Street vendors sell chickens at a market in Phnom Penh, Cambodia, in early 2013. Last year Cambodia reported more cases of H5N1 bird flu than any other country.
Mak Remissa
Street vendors sell chickens at a market in Phnom Penh, Cambodia, in early 2013. Last year Cambodia reported more cases of H5N1 bird flu than any other country.

The Dutch virologist accused of engineering a dangerous superflu a few years ago is back with more contentious research.

In 2011, Ron Fouchier and his team at Erasmus Medical Center took the H5N1 flu virus and made it more contagious. Now the team has published another study with more details on the exact genetic changes needed to do the trick.

The H5N1 bird flu is known to have sickened 650 people worldwide, and of those, 386 died. So far the virus hasn't been contagious in people.

But Fouchier's work, plus some similar research from another lab, showed for the first time that the virus had the potential to change in a way that would make it a real pandemic threat. Only a few mutations were necessary to make the H5N1 bird flu spread through the air between ferrets, the lab stand-in for people.

Critics argued that the scientists had created a dangerous new superflu. And they pushed for the recipe not to be openly published. They feared that others would repeat the work and either not adequately safeguard the virus or would deliberately release it.

After a long debate about security versus scientific openness, the research findings did finally appear in a journal.

Now, in the journal Cell, Fouchier and his colleagues expand on that initial work. They identified five mutations that are sufficient to make H5N1 spread through the air between ferrets.

"Two mutations enable improved binding of the H5N1 bird flu virus to cells in the upper respiratory tract of mammals," Fouchier told Shots in an email. "Another mutation increases the stability of the virus. The two remaining mutations enable the virus to replicate more efficiently."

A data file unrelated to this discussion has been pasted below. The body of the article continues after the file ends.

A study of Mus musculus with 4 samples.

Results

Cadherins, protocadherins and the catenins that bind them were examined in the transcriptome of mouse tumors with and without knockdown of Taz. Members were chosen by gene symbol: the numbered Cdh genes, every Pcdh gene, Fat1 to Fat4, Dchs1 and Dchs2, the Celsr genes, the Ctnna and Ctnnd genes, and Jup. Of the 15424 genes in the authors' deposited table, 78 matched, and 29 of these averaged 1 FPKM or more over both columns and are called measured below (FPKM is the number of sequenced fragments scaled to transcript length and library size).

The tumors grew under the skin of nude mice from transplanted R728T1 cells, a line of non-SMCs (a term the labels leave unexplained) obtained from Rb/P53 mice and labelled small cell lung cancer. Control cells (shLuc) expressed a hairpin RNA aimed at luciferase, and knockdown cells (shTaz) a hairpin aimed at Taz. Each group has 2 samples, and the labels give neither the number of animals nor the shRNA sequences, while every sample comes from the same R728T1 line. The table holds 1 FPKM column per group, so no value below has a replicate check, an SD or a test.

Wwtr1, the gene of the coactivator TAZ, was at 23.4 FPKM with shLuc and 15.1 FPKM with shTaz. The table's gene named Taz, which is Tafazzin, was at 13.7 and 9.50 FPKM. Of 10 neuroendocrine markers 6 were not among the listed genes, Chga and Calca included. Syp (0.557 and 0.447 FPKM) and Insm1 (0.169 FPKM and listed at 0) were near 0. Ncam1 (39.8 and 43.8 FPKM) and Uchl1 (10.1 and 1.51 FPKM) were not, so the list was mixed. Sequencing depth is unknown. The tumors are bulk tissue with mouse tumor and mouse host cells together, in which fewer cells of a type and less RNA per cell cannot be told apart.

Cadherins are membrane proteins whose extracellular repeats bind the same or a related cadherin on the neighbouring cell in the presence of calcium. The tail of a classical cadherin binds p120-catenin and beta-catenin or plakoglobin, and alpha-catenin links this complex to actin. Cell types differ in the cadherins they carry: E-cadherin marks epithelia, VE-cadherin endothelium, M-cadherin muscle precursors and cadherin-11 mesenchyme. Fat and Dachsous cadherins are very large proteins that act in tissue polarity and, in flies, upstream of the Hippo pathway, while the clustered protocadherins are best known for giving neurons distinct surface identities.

These findings are important for keeping one step ahead of the virus , Fouchier thinks, and for helping to prepare for a possible pandemic.

"If we increase our understanding of how influenza viruses become airborne between mammals, we may be able to identify at some point which viruses [out of many that are circulating in nature], we need to keep an eye on because of public health risks," he added.

It's still unknown how deadly these engineered viruses would be in people. Fouchier says his group has lab studies underway to determine the pathogenicity of the virus.

Before Fouchier and his colleagues published the current work, it underwent multiple layers of review to assess the level of danger it might pose to the public. The team had to get an export license from the Dutch government that normally applies to technology that can be weaponized. The paper was also reviewed by the U.S. National Institute of Allergy and Infectious Diseases, which funded the research.

All that oversight causes delay, Fouchier said. But in the end, flu researchers are still able to do the work they need to do and see it published.

"That does not mean that we have reached general consensus about the need to do this type of work, and how to do it safely," Fouchier wrote. "But general consensus will be impossible to reach on any topic. We will keep the dialogues going with everyone, but at the same time need to continue this important line of work."

Not everyone agrees with that. "I still don't understand why such a risky approach must be taken," says microbiologist David Relman of Stanford University. "I'm discouraged."

Relman served on a government advisory committee that considered whether this research should be openly published. He questions whether these studies really will help give public health officials advance warning of the next emerging flu pandemic.

And even if the studies might provide a real benefit, Relman says, we won't see it for some time. "And we have, meanwhile, just bought ourselves even more risk," he says.

Copyright 2021 NPR. To see more, visit https://www.npr.org.

Nell Greenfieldboyce is a NPR science correspondent.